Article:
We talk about communication quite frequently, but do you know how to encourage the development of your communication skills if you find you’re lacking in that department? What if one of your employees does great work but seems to have problems communicating?
Some people, while they seem to lack knowledge, are simply afraid of verbal communication. They may fear making a mistake or being judged based on their ideas. Fortunately, there are a few things you can do to encourage enhanced communication.
• Have one-on-one discussions with your employees. They may feel as though they can better express themselves to you in a private environment. Frequent discussions may ease your employee into feeling better able to participate when there are group meetings.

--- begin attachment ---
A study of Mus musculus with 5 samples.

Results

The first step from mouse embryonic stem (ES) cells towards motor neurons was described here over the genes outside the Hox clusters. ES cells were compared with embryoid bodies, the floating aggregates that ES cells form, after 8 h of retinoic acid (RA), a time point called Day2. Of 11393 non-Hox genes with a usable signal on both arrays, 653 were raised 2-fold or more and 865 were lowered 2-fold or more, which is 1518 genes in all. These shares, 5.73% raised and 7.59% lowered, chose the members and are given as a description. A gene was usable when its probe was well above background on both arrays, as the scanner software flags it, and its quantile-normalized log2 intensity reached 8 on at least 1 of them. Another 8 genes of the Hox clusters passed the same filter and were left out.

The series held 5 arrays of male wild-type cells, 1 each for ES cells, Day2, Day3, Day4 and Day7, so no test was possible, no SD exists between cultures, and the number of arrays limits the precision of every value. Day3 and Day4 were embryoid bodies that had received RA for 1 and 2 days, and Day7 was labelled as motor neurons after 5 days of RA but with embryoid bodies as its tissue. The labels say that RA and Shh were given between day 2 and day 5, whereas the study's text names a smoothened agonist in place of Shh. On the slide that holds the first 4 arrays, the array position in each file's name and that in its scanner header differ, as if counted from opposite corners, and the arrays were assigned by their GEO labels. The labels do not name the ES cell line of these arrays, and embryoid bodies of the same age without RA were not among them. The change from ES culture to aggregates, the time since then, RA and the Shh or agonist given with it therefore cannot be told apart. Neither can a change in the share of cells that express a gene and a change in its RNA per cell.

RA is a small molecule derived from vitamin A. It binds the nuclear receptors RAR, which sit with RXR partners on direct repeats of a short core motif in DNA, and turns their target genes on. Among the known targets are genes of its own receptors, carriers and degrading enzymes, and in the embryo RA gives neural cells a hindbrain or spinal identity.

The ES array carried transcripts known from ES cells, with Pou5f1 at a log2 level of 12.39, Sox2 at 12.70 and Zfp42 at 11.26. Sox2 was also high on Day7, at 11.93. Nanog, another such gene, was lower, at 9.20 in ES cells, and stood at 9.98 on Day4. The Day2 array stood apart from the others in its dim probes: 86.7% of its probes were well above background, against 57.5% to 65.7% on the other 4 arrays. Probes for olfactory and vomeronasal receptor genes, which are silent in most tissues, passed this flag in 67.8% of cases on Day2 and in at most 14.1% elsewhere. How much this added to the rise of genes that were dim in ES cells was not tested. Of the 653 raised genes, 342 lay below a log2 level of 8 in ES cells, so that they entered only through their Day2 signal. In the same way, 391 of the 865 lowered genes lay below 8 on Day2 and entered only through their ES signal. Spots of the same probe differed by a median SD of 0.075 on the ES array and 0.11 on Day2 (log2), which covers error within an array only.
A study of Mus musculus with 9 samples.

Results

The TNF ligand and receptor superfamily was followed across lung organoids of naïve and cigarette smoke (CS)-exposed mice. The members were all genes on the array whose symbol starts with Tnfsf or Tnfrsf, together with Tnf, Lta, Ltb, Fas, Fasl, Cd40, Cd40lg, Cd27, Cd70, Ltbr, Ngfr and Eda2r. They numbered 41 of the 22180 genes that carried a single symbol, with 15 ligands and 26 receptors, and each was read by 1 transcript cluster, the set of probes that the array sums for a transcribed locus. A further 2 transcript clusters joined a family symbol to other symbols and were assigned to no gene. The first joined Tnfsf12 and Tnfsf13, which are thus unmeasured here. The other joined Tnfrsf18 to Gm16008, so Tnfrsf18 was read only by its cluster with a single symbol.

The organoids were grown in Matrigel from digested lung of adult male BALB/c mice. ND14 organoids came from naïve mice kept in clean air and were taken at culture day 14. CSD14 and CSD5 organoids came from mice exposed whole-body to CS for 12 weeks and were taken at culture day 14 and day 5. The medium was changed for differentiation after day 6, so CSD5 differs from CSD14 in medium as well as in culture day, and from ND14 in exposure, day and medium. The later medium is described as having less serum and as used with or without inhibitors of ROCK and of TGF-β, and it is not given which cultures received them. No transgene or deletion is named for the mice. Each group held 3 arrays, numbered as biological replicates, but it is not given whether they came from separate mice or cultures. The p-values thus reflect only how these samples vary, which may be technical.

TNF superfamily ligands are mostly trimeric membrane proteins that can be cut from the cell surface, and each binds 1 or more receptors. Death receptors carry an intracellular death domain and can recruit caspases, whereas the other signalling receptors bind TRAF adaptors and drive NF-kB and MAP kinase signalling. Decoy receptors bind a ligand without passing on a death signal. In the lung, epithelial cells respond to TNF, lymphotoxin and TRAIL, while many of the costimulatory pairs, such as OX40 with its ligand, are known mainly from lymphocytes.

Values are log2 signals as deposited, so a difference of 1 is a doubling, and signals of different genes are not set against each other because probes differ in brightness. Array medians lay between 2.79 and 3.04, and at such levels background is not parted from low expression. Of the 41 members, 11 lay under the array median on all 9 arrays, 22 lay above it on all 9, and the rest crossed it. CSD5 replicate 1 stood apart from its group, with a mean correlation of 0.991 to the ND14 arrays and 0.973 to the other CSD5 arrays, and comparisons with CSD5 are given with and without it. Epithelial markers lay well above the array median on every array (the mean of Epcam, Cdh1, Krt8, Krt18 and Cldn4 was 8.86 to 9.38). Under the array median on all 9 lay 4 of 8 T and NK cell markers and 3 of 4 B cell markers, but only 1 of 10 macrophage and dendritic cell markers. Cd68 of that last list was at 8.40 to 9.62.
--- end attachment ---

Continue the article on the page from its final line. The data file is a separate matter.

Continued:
• Whether you are in an individual or group setting, make sure that the person being questioned has a reasonable amount of time to respond before someone else jumps in. We always teach people to think before they speak, but a delayed reaction is often misinterpreted not as caution, but as a lack of knowledge.
• Journal. I’m not sure this is one you would recommend to employees unless they ask for help, but it’s something you can use to help yourself. If you have an idea you can’t express verbally, try writing it out. Seeing your ideas on paper may help you to verbalize them later on.
• Offer constructive criticism. When your team members speak, do not shoot down their ideas as invalid. Explain why you agree with their ideas or why you disagree, but never tell someone that he is wrong or allow other team members to make someone who attempted to contribute feel stupid.
A lack of communication is often a result of fear of failure. An employee that is comfortable with his team mates and work environment will be more likely to communicate effectively than one who is not. Keeping this in mind, can you identify an employee who might have a problem communicating – and do you think you can reverse the situation?